10 Interesting Facts About The Catcher in the RyePosted by Cybil on September 01, 2017
J.D. Salinger and his masterpiece are studies in contrasts. Salinger wrote his only novel, The Catcher in the Rye, over the span of a decade and then found instant success when it was published. Once famous, the author quickly turned from the limelight, fleeing New York City and rarely speaking to reporters. The Catcher in the Rye is both one of the most-taught books in American high schools and also one of the most-banned classic novels in American schools.
Rebel in the Rye, a film that looks at the influences that shaped the young writer, including his time on the frontlines of World War II. In light of this, we thought it was a good time to take a look at the author, and his most-famous work:
1. Rye was with him when he stormed the beach at Normandy on D-Day.
Shane Salerno, the co-author of Salinger, told NPR, "That was something that stunned me. He carried these chapters with him almost as a talisman to keep him alive, and he worked on the book throughout the war."
2. J.D. Salinger published only one novel: The Catcher in the Rye.
The Catcher in the Rye was published in 1951 and Salinger's other work consists of short stories and novellas—all of which were published before the mid-1960s. In 2013, a few years after Salinger's death, the alleged transcripts of three of his unpublished stories leaked online—despite the author's order that they be kept under lock and key for decades after his passing.
3. About 250,000 copies of The Catcher in the Rye are sold each year.
That's almost 685 copies a day. Since its publication, the novel has sold more than 65 million copies worldwide. On Goodreads, the book has more than 2 million ratings and more than 45,000 reviews from readers.
4. The Catcher in the Rye is one of the most banned books in America.
In fact, it appears on the American Library Association's annual top ten most-banned books as recently as 2009 for offensive language and sexually explicit material, 66 years after its publication. It's also the second most-banned 'classic' book (after The Great Gatsby), according to the ALA.
5. The Catcher in the Rye is also one of the most taught books in America.
Between 1961 and 1982, Catcher was the most studied book in high schools. In 1981, the book was both the most frequently censored book in the United States, and, at the same time, the second-most frequently taught novel in American public schools.
6. The New York Times once declared that Millennials hate Holden Caulfield. In a 2009 article titled Get a Life, Holden Caulfield, the newspaper reported that kids thought the book's protagonist was "weird, whiny, and immature." The article ends with this kicker from a children's literature expert who was told by a 15-year-old boy, "Oh, we all hated Holden in my class. We just wanted to tell him, 'Shut up and take your Prozac.'"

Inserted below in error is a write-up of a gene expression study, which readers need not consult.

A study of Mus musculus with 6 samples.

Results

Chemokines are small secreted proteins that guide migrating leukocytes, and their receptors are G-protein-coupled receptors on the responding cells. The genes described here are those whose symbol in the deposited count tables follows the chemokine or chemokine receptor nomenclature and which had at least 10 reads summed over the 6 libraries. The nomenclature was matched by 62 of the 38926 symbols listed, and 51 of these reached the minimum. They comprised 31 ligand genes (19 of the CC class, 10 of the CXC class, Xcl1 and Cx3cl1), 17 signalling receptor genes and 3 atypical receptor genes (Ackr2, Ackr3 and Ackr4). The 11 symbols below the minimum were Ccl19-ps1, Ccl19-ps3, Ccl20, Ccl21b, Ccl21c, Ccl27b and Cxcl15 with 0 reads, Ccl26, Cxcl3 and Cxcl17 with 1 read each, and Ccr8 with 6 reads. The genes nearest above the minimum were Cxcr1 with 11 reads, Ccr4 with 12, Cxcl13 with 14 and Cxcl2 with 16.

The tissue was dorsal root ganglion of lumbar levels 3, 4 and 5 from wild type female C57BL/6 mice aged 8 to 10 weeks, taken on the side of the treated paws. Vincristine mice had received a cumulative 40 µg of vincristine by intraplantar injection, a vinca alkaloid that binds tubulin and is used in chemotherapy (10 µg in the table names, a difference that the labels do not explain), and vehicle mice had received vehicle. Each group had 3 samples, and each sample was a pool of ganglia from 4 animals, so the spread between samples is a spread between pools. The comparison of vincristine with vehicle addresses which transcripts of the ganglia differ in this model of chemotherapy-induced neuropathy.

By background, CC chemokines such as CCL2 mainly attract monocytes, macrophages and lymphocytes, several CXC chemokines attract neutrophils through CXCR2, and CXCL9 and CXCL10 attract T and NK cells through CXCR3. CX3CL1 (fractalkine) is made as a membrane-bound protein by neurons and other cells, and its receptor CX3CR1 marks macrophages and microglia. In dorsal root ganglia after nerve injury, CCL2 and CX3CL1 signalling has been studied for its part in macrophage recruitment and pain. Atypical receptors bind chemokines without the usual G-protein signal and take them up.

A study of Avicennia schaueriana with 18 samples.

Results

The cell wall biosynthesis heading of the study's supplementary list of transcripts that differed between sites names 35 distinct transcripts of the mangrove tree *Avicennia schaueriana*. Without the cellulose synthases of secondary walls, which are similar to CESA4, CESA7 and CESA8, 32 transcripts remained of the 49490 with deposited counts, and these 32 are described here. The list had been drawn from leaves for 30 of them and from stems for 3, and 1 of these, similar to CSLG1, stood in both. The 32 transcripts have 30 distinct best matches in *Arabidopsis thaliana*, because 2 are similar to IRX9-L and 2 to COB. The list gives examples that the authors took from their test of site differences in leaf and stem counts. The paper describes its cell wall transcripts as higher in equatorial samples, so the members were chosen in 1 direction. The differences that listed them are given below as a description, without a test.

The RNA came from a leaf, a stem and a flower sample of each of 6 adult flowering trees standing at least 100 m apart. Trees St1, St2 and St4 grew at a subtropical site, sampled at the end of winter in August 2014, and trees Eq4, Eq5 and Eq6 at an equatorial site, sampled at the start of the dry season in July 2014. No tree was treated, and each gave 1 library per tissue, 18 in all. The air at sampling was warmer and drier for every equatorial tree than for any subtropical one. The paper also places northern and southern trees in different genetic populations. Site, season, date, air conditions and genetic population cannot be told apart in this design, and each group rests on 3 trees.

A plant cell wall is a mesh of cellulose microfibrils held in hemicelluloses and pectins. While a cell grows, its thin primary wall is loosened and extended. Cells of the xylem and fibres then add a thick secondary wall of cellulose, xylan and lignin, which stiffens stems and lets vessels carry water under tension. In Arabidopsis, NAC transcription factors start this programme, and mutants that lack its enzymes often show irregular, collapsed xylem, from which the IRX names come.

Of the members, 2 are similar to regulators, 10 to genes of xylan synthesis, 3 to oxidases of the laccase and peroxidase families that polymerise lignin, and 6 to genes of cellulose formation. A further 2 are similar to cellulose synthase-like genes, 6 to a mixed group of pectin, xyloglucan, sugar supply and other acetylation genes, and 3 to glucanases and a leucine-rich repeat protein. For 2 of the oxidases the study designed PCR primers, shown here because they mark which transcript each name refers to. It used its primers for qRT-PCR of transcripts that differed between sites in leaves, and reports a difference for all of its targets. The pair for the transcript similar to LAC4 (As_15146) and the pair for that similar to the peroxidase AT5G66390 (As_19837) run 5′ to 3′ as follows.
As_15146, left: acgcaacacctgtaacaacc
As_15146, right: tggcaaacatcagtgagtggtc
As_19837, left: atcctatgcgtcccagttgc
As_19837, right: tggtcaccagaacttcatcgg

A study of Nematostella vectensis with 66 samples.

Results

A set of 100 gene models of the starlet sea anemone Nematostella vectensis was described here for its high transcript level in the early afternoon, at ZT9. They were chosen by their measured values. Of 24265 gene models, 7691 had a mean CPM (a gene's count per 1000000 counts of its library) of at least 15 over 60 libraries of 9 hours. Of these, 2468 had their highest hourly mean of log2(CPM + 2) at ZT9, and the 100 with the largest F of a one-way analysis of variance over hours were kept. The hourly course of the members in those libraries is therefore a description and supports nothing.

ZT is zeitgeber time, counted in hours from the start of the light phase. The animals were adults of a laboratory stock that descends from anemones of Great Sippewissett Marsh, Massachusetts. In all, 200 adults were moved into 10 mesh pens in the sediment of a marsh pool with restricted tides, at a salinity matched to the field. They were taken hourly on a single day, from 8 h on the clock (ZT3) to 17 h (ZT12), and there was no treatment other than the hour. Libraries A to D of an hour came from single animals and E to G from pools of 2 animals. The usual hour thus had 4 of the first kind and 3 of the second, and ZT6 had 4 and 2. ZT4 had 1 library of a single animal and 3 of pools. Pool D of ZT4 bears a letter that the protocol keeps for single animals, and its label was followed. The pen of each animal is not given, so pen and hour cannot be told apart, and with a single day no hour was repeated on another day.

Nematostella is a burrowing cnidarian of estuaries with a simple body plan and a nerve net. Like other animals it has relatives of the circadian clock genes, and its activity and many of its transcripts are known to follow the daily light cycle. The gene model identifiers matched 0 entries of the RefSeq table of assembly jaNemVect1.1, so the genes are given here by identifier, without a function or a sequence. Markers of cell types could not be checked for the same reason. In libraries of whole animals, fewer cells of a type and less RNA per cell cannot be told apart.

7. The best-selling book has never been made into a movie.
"If there's one thing I hate, it's the movies. Don't even mention them to me," Holden Caulfield says in The Catcher in the Rye. And so far, Salinger's estate seems to be siding with Holden. Despite interest from moviemakers including Billy Wilder and Steven Spielberg, Salinger's estate (which controls his work since his death in 2010) has actively prevented any movie from being made of the classic.
8. Salinger was considered one of the most reclusive celebrities.
The author began withdrawing from public life after the publication and quick success of Catcher and led a very private life for the next half century. He also sued to keep a biographer from reprinting letters he sent to friends and fans, according to TIME. After once being hounded by a fan, he complained, "I'm a fiction writer! If I'd have known this was going to happen, I don't think I would have started writing."
9. The Catcher in the Rye has been a favorite of high-profile killers.
Mark David Chapman, the man who in 1980 murdered John Lennon, remained at the crime scene reading The Catcher in the Rye. In his statement to police, Chapman said, "I'm sure the big part of me is Holden Caulfield, who is the main person in the book. The small part of me must be the Devil." In 1989, Robert John Bardo was carrying a copy of the book the night he murdered actress Rebecca Schaeffer. John Hinckley Jr., the man who attempted to assassinate President Ronald Reagan in 1981, claimed to be fascinated with the book.
10. Salinger's former home in Cornish, New Hampshire, now houses cartoonists.
Salinger's remote cabin, where he retreated from fame, is now serving as home to a residency with the Centre for Cartoon Studies. In details about the residency, the house is described this way: The "secluded home is reached by traveling a mile and half down a winding dirt road. The one-bedroom apartment is equipped with a kitchen, studio, and claw foot tub."